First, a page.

Austerity and a Rumored Bailout Put the Ire in Ireland


Officials in Dublin have denied that the debt-burdened nation had asked for a bailout from the European Union, as was widely reported in the media

Seamus Butler's epiphany — the instant he foresaw the bust coming in the wake of Ireland's boom — came in 2006. The businessman walked into his local bank in Longford, a market town in the Irish midlands, and saw a sign asking this question, "Have you thought of taking a holiday?" So eager were Irish banks to extend cheap credit that they proposed giving loans to customers to spend on intangible and unrecoupable pleasures in foreign economies. "The Irish certainly know how to party," says Butler, the founder and managing director of Butler Manufacturing Services, a sewage- and wastewater-treatment company. "But just because it's available doesn't mean you should take it."

After the excess, the sickness. For some time now, Ireland has looked distinctly emerald green around the gills as its government struggles to rein in debt, businesses fail and its citizens gasp from the stench emitted as the property bubble burst. A four-year economic plan, due later this month, and a brutal austerity budget, to be put to a vote on Dec. 7, aim to reduce the budget deficit, which, if the cost of bank debts is included, amounts to 32% of GDP and boasts the dubious honor of being the highest in the euro zone. No wonder a spate of rumors that Ireland plans imminently to apply to the European Union for a bailout continue to circulate, despite vigorous denials from ministers. "There are no negotiations going on. If there were, the government would be aware of it, and we are not aware of it," insisted Justice Minister Dermot Ahern, speaking on a TV discussion program on Nov. 14. "There is nothing going on at the direction of government in relation to this ... Absolutely nothing is taking place in respect of this."

The truth would seem to be a bit more complicated. Finance Ministers from the 16 countries signed up to the euro were to meet Tuesday in Brussels to urgently discuss how to restore economic stability; some countries want Ireland to take a bailout, believing it will help limit the damage before it deepens the strains on their own economies. Irish officials have been looking into all avenues including seeking help from the European Union or the IMF, even though they have not applied for emergency assistance and hope to avoid doing so. Reckless spending — at personal, institutional and government levels during a long run of fat years — has left the Irish struggling with debt. The cost of insuring that debt has risen to unsustainable levels, fueling fears of a contagion that could further weaken the fragile euro zone economies, such as Portugal and even Spain.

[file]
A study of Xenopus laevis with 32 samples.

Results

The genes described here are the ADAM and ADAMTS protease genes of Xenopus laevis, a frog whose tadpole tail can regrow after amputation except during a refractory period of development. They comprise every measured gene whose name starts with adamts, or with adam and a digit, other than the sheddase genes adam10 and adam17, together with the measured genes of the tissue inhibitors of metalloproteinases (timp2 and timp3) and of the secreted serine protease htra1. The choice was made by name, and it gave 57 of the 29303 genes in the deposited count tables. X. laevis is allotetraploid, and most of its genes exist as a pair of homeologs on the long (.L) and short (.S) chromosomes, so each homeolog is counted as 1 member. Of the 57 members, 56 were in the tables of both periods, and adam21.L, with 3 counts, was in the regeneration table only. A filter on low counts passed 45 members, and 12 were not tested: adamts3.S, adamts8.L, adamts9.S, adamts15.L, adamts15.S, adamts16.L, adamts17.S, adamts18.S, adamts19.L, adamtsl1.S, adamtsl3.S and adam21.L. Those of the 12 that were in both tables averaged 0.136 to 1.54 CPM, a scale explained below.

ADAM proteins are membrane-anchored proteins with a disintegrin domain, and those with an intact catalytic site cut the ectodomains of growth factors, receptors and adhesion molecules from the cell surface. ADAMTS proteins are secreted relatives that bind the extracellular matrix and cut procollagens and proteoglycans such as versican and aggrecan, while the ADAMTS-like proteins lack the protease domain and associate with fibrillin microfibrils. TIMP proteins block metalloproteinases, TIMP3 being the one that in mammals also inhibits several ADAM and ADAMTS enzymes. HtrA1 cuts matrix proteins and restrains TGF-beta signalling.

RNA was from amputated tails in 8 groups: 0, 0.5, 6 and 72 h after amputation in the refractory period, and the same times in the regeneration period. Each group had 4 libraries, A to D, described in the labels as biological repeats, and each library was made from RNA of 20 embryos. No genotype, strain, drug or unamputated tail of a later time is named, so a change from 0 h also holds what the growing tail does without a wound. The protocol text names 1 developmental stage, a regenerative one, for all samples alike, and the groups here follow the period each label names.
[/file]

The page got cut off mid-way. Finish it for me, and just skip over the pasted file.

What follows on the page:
Whereas many European countries flinch from the sting of austerity they have yet to feel, swaths of Irish high streets are already battered and boarded up; few families are untouched by a rapid contraction that has seen businesses close and workforces contract. Yet the Irish government insists that no bailout is needed and that the country is "fully funded" until July. The markets remain skeptical, and the Irish electorate doesn't necessarily believe these reassurances either. "I'm not saying they're lying. I'm just saying they're not telling the truth," says a Dublin cab driver.

The governing coalition led by Fianna Fail retains only a tiny majority and a fraying benefit of the doubt after the turbulence. A by-election later this month is predicted further to erode its authority, and passing the budget may prove a struggle. One of Ireland's major newspapers recently called for an immediate general election. "It has become a vital need of the Irish State ... to achieve a new mandate for government that will allow the shaping of a plan that satisfies the people of this country that they have clear leadership and know where they're going," declared the Irish Independent on Nov. 9. Butler disagrees: "What's important is to get this budget through, whatever happens afterwards."

That's certainly what the incumbent government argues, and if the markets are febrile now, it's hard to imagine how they would respond to the prospect of a snap election. Yet it's also obvious that change will have to come from somewhere if the country is to get back its mojo, its confidence and a smidgen of the positivity that got it into trouble in the first place. Without confidence, at home and abroad, recovery seems a distant prospect.

Still, Butler spots a few reasons to be cheerful. The "froth" has been washed away, he reckons, and the solid businesses that are left will survive. He recalls Warren Buffett's acerbic comment that you only find out who is swimming naked when the tide goes out. "There was a hell of a lot of skinny-dipping going on around these parts," says Butler. "But we've learned, and we'll get through this."